THE PARTY OF IDEAS. If there's any justice, today's New York Times article chronicling the intellectual vibrancy now on the left will finally kill the crusty charge that Democrats lack ideas. If you'll remember, that was the word shortly after Bush won reelection. It was the primary talking point during the GOP's aborted campaign to privatize Social Security, and even though their big, new idea proved an embarrassing failure, its implosion did nothing to dislodge the new swipe against the Democrats from the media's mind. The claim became so ubiquitous that Jon Chait (yes, that Chait) penned my favorite ever TNR article, "The Case Against New Ideas."
But if the worth of "new ideas" is questionable, the worth of the appearance of new ideas is undeniable. And as the Times article shows, the left is almost over-accessorizing with them. Our Supreme Leader Mike Tomasky, of course, has stepped forward with his case for the "common good" as an organizing principle. Ruy Teixera and John Halpin, writing on this website, used 18,000 words and a heap o' demographic data to conclude roughly the same. Peter Beinart is about to release The Good Fight, his Big Book on the Democrats and national security, while his bete noires over in the blogosphere have weighed in with their case for progressive restoration in Crashing the Gates.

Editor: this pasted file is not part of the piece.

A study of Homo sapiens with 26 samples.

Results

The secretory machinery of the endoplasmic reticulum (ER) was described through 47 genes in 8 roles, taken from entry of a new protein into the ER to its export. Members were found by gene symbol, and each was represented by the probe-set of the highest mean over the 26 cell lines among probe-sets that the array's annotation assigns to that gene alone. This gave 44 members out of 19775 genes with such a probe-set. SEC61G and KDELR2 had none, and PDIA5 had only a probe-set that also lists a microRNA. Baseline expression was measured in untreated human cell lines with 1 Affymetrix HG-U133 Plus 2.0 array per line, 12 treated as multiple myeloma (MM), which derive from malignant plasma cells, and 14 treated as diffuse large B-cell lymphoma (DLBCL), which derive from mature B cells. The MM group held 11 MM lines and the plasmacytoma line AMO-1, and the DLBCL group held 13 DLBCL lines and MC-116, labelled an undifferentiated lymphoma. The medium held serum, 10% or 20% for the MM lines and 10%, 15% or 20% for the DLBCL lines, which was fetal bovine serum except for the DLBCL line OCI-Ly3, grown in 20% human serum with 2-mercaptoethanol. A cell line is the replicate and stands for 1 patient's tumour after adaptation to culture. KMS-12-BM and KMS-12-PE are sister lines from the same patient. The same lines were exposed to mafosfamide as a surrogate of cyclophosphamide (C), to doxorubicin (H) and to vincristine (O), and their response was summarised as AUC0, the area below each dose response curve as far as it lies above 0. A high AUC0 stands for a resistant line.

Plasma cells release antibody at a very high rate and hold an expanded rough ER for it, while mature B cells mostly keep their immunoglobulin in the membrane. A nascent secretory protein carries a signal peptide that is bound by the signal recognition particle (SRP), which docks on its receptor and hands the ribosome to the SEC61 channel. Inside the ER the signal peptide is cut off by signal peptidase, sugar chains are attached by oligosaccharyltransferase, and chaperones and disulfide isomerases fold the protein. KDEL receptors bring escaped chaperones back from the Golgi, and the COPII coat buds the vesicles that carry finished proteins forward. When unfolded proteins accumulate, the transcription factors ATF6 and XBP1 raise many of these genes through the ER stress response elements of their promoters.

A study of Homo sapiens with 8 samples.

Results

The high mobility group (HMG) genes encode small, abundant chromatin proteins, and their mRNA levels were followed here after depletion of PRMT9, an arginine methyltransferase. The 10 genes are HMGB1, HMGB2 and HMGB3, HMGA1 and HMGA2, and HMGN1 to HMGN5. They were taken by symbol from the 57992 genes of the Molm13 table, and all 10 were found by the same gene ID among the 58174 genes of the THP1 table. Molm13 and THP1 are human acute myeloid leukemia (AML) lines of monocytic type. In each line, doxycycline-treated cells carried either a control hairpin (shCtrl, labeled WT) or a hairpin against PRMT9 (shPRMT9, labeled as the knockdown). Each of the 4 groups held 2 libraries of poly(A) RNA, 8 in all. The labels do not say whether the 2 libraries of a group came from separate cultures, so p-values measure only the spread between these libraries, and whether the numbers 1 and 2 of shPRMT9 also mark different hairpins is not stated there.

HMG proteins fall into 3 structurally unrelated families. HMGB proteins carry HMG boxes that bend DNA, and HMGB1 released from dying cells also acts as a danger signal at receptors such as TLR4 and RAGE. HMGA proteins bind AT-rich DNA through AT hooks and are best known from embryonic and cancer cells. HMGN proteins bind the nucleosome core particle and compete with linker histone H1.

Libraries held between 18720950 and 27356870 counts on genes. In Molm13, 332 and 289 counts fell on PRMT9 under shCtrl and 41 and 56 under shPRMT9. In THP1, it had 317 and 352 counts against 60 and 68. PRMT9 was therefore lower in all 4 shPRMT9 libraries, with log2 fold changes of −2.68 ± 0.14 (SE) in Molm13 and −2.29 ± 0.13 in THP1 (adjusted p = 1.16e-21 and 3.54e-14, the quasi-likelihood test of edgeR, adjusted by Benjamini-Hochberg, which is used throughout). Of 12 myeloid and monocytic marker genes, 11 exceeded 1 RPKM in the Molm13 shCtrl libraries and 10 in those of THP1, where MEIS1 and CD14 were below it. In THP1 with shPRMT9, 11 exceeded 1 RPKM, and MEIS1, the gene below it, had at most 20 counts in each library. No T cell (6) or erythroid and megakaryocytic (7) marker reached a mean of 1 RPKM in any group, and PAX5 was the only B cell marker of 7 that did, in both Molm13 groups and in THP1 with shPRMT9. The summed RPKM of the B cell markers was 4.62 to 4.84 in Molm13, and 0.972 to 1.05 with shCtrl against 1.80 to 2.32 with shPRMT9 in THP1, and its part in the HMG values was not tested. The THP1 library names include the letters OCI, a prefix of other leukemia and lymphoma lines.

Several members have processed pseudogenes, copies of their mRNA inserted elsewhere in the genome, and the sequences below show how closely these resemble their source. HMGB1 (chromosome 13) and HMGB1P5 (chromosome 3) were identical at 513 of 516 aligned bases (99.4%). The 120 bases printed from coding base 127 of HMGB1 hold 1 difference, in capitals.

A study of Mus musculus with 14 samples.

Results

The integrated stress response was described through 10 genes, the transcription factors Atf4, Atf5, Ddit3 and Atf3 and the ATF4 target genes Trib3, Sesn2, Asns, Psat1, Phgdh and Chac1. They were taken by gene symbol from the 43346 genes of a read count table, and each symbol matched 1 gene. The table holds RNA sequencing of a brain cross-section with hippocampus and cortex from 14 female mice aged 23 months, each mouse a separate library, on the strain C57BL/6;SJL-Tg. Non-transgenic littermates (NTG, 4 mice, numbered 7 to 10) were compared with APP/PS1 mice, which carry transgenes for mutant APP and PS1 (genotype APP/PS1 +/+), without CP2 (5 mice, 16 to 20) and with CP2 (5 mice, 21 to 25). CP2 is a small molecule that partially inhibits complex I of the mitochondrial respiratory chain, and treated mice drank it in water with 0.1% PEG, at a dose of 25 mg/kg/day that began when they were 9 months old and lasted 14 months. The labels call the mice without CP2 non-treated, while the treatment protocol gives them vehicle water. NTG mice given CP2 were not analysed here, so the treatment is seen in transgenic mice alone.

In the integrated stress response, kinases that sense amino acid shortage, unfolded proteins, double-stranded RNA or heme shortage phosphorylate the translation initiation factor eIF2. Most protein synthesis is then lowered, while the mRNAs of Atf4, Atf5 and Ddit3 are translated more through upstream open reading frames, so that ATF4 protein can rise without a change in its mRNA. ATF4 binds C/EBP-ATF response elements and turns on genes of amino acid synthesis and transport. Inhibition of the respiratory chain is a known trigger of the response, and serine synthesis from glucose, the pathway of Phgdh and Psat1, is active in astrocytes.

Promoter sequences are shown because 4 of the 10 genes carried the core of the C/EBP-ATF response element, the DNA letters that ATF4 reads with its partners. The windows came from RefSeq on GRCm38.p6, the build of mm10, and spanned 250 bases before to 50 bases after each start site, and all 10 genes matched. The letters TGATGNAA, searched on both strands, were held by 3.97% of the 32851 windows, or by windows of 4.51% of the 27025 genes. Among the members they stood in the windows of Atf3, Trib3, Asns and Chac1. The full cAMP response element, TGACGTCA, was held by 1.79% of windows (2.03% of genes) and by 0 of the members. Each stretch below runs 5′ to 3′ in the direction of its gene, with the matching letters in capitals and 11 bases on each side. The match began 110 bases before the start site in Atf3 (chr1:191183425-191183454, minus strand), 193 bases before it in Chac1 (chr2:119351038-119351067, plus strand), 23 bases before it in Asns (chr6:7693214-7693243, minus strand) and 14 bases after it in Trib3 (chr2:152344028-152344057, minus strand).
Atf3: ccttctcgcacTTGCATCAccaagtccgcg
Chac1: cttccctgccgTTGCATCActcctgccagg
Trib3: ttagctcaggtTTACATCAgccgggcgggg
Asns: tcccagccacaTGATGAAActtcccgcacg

On the economic side of things, the Clintonistas are planning a return to center stage with the much-hyped wonk supergroup who've formed the The Hamilton Project, while the labor-liberals over at the Economic Policy Institute will have the inimitable Jared Bernstein's new book of economic Big Think, All Together Now, to unite behind.
Meanwhile, the right is undergoing an intellectual collapse, with studies discrediting the starve-the-beast approach, Iraq discrediting neoconservatism, and reality discrediting the Bush administration. Live by the meme, die by the meme, I guess.